Prisoner Profile: Mohammed al-Ajami

Today marks four years since Qatari authorities arrested Mohammed al-Ajami for the contents of his poetry. Al-Ajami is currently serving a 15-year prison sentence and will remain in prison barring a pardon from the emir. Americans for Democracy & Human Rights in Bahrain (ADHRB) calls on the government of Qatar to respect his right to freedom of expression, drop the charges against al-Ajami, and release him.

Qatari authorities arrested al-Ajami on 16 November 2011 after a video surfaced of him reciting a poem to a private audience at his house in Cairo, though some believe his arrest came in retaliation against a different poem in which al-Ajami expressed his support for the Tunisian Revolution, saying, “We are all Tunisia in the face of the repressive elite.” The government charged al-Ajami with insulting the emir and encouraging the overthrow of the nation’s ruling system. Although his poems did not call for violence, a state security court in Qatar sentenced al-Ajami to life in prison on 29 November 2012. In February 2013, an appeals court reduced the sentence to 15 years, and Qatar’s highest court upheld the decision in October that year.

In May 2014, the Qatari government stated to a UN working group that “all measures taken against the poet Mohammed al-Ajami were consistent with international rules.” On 20 October 2015, however, three UN Special Rapporteurs urged the government of Qatar to release al-Ajami, citing the lack of due process afforded to him and the laws that restricted his free expression. David Kaye, the Special Rapporteur on freedom of expression, asserted, “laws restricting the right to freedom of expression must never be used as tools for silencing the criticism of authorities.” According to the Special Rapporteur on the independence of judges and lawyers, Mónica Pinto, al-Ajami’s sentence is particularly worrying due to “serious indications that the criminal process did not meet all the judicial guarantees of a fair trial.” The Special Rapporteur on cultural rights, Farida Shaheed, further stated that “artists have the right to dissent, to use political, religious and economic symbols as a counter-discourse to dominant powers, and to express their own belief and world vision.”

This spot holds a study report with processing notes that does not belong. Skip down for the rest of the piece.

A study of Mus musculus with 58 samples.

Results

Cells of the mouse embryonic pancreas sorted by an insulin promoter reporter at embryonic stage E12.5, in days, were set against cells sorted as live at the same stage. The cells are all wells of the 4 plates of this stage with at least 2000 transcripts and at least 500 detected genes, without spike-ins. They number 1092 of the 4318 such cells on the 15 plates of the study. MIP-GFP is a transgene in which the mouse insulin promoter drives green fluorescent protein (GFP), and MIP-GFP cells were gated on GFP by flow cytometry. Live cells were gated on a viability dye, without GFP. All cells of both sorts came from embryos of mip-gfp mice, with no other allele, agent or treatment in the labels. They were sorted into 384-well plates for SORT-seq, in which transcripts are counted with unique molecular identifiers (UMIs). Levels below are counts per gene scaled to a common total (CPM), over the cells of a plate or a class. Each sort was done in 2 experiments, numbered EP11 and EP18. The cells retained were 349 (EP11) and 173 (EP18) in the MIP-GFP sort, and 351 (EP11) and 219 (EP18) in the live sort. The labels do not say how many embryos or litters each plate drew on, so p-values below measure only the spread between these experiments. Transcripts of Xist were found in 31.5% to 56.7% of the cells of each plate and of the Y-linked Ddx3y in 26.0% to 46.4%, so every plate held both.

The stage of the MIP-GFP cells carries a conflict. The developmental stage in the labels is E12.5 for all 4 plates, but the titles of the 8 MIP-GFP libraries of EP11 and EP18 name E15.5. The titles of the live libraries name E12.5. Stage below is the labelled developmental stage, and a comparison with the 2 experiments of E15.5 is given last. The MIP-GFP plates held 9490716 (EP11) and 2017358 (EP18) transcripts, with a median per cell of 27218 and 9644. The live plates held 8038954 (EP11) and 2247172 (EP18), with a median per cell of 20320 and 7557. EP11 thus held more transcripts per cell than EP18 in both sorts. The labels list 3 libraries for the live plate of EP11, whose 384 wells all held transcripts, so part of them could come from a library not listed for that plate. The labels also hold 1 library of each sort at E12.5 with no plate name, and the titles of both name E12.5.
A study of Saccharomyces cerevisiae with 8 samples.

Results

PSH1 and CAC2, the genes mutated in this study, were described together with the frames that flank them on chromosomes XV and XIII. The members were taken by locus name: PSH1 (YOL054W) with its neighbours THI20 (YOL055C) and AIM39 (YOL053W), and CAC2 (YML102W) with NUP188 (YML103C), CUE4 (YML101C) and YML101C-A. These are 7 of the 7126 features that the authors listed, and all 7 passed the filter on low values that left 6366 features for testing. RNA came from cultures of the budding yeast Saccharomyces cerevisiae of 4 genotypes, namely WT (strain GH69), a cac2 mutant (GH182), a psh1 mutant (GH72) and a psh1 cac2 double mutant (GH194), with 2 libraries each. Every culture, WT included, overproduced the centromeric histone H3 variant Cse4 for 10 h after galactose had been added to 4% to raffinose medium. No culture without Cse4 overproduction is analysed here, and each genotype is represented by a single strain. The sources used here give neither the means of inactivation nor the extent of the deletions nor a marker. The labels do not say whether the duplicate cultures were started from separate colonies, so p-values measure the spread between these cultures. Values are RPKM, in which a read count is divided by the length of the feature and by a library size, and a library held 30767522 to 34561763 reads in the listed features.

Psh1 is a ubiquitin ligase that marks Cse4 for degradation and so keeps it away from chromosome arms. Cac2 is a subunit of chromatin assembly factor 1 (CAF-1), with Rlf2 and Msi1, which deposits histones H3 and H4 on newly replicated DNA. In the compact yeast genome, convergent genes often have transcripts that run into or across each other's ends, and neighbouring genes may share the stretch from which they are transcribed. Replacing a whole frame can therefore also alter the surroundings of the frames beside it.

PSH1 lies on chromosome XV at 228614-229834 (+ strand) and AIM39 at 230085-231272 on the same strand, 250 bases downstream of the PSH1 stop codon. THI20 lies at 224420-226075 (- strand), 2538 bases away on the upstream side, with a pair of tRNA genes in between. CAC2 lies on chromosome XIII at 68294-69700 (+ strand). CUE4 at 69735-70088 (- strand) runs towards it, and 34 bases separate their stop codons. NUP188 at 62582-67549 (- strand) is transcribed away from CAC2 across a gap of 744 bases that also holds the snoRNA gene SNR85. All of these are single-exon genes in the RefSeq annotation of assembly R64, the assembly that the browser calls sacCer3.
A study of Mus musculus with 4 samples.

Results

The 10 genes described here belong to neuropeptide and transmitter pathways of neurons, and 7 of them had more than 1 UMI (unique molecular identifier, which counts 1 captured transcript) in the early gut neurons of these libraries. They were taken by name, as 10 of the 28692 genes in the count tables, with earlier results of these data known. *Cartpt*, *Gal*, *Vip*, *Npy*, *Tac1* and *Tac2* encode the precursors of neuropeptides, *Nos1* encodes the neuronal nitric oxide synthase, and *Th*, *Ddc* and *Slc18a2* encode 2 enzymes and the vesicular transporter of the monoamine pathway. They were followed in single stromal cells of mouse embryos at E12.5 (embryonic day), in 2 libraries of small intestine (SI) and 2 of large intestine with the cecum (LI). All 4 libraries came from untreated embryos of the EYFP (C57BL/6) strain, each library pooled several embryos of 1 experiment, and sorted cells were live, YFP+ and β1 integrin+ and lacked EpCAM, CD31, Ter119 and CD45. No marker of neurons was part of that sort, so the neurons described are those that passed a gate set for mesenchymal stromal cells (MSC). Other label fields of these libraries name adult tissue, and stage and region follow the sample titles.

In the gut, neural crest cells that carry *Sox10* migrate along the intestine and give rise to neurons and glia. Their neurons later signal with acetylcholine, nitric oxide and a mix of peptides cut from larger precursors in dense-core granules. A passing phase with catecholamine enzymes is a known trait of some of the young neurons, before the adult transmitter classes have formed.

The arrest and continued imprisonment of Mohammed al-Ajami violates his universal human rights, including the right to liberty, the right to freedom of expression, and the right to a fair and public hearing by an independent and impartial tribunal. The Government of Qatar must uphold its international human rights commitments by releasing al-Ajami and ensuring that it does not restrict its citizens’ right to free expression.

Matthew Tramonti is an advocacy intern at ADHRB.